We’re going with rsync as if you’re copying up largely the same contents multiple times (as we are in this approach) then rsync will only transfer up the differences on second and subsequent runs. Secure copy (scp ) on the other hand would copy across every file, every time.
This deployment approach is super simple:
Copy stuff from our development directory right into the live / production website directory.
It’s simple and it works.
But it also breaks everything whilst a deployment is in progress, and rolling back is not easy.
We’ve got to start somewhere thought, right?
In the previous video we learned the fundamentals of how to shift our data from point A to point B.
There are at least two major problems with this approach:
- We copy everything into the Live / production directory, breaking stuff as we go
- Rolling back is a total pain
Fortunately with just a small tweak to our process, we can improve things greatly.
We’re going to bring the concept of a builds directory into play, and instead of copying up from our PC to the Live website directory, we will instead copy into a sub-directory of builds , such as builds/20171124-0921 .
If we did another deploy a short while later, we could copy up to e.g. builds/20171124-1015
What we then set up is a symlink, or short cut.
We tell Apache or nginx to serve from the shortcut, and then swap out what the shortcut points at, in order to make a different build live.
This solves both of the two problems above, but unfortunately, we lose the benefit of using rsync as each new build is effectively a full copy up of new files.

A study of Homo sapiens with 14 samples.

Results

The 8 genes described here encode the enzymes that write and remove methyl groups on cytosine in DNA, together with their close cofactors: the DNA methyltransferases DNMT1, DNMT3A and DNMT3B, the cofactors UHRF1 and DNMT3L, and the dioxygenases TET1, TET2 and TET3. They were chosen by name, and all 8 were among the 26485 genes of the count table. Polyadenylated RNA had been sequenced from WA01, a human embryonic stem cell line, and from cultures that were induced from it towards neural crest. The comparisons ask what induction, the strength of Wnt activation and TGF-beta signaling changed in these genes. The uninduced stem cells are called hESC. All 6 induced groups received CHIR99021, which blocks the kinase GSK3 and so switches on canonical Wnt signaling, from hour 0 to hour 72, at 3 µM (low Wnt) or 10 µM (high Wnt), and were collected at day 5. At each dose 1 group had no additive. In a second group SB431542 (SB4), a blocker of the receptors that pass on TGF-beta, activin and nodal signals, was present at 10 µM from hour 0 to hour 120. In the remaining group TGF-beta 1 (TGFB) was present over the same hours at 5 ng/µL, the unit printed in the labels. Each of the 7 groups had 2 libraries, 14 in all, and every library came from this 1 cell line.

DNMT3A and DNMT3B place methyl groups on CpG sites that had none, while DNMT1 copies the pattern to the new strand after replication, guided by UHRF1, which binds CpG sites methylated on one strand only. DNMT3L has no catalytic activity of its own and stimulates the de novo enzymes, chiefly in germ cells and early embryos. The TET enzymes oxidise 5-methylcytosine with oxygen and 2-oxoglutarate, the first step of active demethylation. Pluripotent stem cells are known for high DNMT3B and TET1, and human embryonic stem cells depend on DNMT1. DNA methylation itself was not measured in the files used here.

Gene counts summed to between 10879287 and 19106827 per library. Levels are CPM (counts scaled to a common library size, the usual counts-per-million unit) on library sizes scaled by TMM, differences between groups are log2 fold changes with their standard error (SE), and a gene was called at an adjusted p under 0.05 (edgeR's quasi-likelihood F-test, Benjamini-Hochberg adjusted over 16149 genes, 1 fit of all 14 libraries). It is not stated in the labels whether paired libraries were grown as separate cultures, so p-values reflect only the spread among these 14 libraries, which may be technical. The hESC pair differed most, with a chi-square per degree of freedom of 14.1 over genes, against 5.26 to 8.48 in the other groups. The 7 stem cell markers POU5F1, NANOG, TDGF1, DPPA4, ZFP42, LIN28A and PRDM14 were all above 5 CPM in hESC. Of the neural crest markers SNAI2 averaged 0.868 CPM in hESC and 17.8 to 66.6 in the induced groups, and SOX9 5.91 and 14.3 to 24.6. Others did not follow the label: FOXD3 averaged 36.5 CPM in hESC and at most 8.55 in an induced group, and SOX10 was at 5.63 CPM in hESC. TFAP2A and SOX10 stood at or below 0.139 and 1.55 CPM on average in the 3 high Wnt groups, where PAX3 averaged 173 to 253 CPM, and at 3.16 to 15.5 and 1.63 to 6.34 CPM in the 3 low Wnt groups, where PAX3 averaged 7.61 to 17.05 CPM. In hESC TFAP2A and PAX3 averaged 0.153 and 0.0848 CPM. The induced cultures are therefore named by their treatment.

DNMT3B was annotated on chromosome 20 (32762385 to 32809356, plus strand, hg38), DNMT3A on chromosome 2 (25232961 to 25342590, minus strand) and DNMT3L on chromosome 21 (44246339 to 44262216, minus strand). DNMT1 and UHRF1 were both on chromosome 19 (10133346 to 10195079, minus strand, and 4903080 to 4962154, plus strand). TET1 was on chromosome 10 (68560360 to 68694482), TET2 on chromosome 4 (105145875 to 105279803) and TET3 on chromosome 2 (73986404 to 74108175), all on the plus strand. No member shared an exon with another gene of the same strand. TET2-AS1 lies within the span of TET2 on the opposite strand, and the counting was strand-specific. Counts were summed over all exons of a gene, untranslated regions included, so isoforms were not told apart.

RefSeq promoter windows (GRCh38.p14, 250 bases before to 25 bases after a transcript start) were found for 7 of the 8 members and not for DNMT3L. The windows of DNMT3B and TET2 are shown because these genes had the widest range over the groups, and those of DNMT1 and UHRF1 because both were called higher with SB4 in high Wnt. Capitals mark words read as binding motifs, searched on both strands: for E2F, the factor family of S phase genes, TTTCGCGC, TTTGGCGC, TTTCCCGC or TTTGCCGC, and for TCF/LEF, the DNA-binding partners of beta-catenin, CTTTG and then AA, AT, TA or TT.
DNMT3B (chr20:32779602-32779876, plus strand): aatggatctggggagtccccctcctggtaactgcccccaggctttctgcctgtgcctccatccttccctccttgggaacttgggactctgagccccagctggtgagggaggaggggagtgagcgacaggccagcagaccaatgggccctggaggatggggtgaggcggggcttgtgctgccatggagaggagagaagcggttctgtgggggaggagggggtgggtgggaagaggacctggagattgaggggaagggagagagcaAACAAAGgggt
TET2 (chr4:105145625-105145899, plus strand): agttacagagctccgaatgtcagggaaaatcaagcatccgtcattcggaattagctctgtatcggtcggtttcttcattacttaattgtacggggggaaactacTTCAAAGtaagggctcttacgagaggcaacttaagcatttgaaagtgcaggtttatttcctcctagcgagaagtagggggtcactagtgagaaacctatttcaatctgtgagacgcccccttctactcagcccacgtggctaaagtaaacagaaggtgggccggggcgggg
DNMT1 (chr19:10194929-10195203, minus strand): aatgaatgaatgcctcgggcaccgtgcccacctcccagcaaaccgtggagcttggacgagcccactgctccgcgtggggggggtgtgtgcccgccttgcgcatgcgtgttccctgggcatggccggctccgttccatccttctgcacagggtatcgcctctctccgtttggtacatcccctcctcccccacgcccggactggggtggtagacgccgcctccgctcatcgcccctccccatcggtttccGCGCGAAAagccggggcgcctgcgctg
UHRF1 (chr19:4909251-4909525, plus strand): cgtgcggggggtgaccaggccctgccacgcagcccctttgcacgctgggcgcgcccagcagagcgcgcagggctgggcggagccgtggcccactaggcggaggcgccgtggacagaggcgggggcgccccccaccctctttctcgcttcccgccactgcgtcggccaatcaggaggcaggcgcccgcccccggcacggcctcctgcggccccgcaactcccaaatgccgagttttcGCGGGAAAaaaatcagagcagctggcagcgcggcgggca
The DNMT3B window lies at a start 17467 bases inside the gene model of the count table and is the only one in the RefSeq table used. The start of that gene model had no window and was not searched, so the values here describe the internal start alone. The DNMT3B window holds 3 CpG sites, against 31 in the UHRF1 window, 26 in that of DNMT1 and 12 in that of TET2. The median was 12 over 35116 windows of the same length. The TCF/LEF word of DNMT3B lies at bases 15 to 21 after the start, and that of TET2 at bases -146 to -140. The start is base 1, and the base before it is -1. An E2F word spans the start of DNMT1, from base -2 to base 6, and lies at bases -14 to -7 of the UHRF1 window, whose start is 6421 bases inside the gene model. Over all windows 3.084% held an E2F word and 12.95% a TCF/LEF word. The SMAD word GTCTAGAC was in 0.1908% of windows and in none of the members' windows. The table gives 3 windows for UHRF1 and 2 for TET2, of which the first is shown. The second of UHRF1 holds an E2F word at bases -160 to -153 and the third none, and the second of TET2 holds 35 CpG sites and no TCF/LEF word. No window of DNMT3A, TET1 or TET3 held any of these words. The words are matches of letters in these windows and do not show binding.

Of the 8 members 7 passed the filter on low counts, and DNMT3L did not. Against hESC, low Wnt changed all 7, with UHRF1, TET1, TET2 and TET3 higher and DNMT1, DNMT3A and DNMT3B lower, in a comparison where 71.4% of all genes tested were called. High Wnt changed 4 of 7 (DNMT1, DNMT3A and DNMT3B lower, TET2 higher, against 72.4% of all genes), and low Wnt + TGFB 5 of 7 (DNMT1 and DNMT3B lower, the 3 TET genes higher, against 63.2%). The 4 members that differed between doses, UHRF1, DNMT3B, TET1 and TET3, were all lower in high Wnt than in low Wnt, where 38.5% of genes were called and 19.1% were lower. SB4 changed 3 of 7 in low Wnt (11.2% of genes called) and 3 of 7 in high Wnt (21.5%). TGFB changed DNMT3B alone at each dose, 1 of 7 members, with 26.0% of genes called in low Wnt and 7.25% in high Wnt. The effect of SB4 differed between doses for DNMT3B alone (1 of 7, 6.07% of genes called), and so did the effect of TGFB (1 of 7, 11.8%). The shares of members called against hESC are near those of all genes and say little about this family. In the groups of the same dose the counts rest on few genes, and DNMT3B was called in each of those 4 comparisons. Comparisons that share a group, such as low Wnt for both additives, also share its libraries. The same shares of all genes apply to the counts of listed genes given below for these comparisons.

Still, that’s a minor gripe considering the improvements.
There is one remaining problem:
Everyone who is logged in gets forcefully logged out on each new deploy.
Why is this?
Well, each new deploy brings in a new var directory. The var directory contains the sessions directory. If every new deploy creates a new sessions directory then every existing session is going to be lost.
This is a lot less of an issue with stateless authentication.
The fix to this is straightforward:
Share the var directory between every deploy.
To accomplish this we will make use of symlinks once again.
The cool thing about learning all of this is that this is almost exactly how automated deployment tools such as Deployer do this. By learning how to do things by hand, you’re going to find understanding the automated tools much easier.
One thing that automated tools do bring for us is in automating housekeeping chores:
- deleting old builds
- sorting out symlinks
- making long winded commands into one liners
And that sort of thing.
As far as manually deploying with rsync goes, we’re about done.
This process could do to be a lot more robust, but in truth, I don’t recommend hand-cranking a deploy anyway. All we’re really doing here is learning and building a foundation for understanding automated tools, which I would strongly recommend you use instead.
Even so, we’re going to continue looking at another manual approach in the next few videos, this time learning how to Deploy with Git.
Ok, that’s it from me this week.
Don’t forget: the Black Friday Offer expires at 5pm GMT on Monday 27th November.
Have a great weekend, and happy coding.